The questions in the title popped into my head after a speech given to staff at Channel 4 this week by Lenny Henry entitled "The Road To Diversity Is Closed … Please Seek Alternate Route".
Stating that ethnicity was his diversity flag to wave, Lenny gave us an encore of a speech he'd already delivered to the Royal Television Society, highlighting the lack of non-white faces both in front of and behind the camera.
We raced through the industry's past embarrassments such as the excruciating Mind Your Language and unintentionally stereotype-enforcing Alf Garnett, before stopping off to celebrate some of the good work both home and abroad in the 80s and 90s such as Desmonds and The Cosby Show.
Arriving at the 21st century, Lenny then asked the crowd to shout out any comedy and entertainment programmes currently airing in the UK starring black or asian actors, comedians or presenters. Most eyes went down into laps, leaving one lone cry of "Little Miss Jocelyn" which apparently may have been cancelled anyway.
And whilst I heard and agreed somewhat with the view that Lenny's speech wasn't saying much not heard before, what was clear was that it needed to be stated again; at some stage the tv industry took its eye off the ball and positive action is now needed to find non-white writers, actors, directors, gaffers etc.
More shocking personally, however, was when I reflected on if Lenny had asked a question about senior figures within the new media industry from different ethnic backgrounds, what names would I come up with? For an industry that prides itself in being open, cutting edge and forward thinking, look around at any industry event and Greg Dyke's infamous phrase does come to mind.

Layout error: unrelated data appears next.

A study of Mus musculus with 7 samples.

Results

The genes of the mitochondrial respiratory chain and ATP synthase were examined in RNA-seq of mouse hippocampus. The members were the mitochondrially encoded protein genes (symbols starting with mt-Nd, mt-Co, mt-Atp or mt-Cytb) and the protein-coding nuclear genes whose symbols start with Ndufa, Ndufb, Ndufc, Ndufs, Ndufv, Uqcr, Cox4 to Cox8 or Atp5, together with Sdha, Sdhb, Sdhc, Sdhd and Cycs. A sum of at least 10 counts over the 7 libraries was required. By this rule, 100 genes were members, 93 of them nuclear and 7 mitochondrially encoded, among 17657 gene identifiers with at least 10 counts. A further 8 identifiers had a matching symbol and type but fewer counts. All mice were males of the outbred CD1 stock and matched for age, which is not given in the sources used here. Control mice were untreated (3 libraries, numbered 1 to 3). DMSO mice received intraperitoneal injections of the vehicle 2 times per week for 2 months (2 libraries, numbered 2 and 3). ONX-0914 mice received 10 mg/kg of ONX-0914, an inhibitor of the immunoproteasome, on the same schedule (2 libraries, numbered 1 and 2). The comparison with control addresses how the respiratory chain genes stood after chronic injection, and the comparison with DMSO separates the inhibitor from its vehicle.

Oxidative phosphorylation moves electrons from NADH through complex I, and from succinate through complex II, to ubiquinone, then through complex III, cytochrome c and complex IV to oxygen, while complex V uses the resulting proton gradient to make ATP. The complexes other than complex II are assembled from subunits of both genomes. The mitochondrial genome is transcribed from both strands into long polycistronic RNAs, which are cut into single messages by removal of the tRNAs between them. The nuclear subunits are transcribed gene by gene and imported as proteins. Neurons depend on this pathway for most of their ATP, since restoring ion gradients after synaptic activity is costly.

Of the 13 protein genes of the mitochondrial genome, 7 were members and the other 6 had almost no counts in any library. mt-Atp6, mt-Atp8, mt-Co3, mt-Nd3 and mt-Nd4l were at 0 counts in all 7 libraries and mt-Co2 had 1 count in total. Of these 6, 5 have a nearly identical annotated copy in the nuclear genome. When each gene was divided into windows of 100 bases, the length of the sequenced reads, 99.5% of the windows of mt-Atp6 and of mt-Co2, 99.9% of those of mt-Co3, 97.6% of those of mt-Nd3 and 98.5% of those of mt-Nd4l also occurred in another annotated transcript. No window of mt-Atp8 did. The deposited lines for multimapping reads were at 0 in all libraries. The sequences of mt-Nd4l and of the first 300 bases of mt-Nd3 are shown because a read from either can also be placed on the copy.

Believe me, I have nothing against smart white men - I married one for starters. But blimey, when I look at the so-called "digerati" of the UK, it looks distinctly pasty and not a little testosterone heavy. In diversity terms, New Media is positively prehistoric (ironic really) and current networks seem to be perpetuating the make up of the current white, male, middle-class cliques.
If we really do have the future of media in our hands, surely we need to have a workforce that reflects our current society at the very least?
At the end of his speech, Lenny asked the audience to take some positive action - which I'll try to do in my day job - and I hope this post may have made you think a little about the diversity of your workforce or team. I also thought I may as well add the following which might help in some small way to introduce some new talent to our industry:
If you or someone you know might be interested in starting a career in UK new media and don't know where to start then do email me (via my profile above) and I'll see if I can put you in touch with someone or supply some useful information.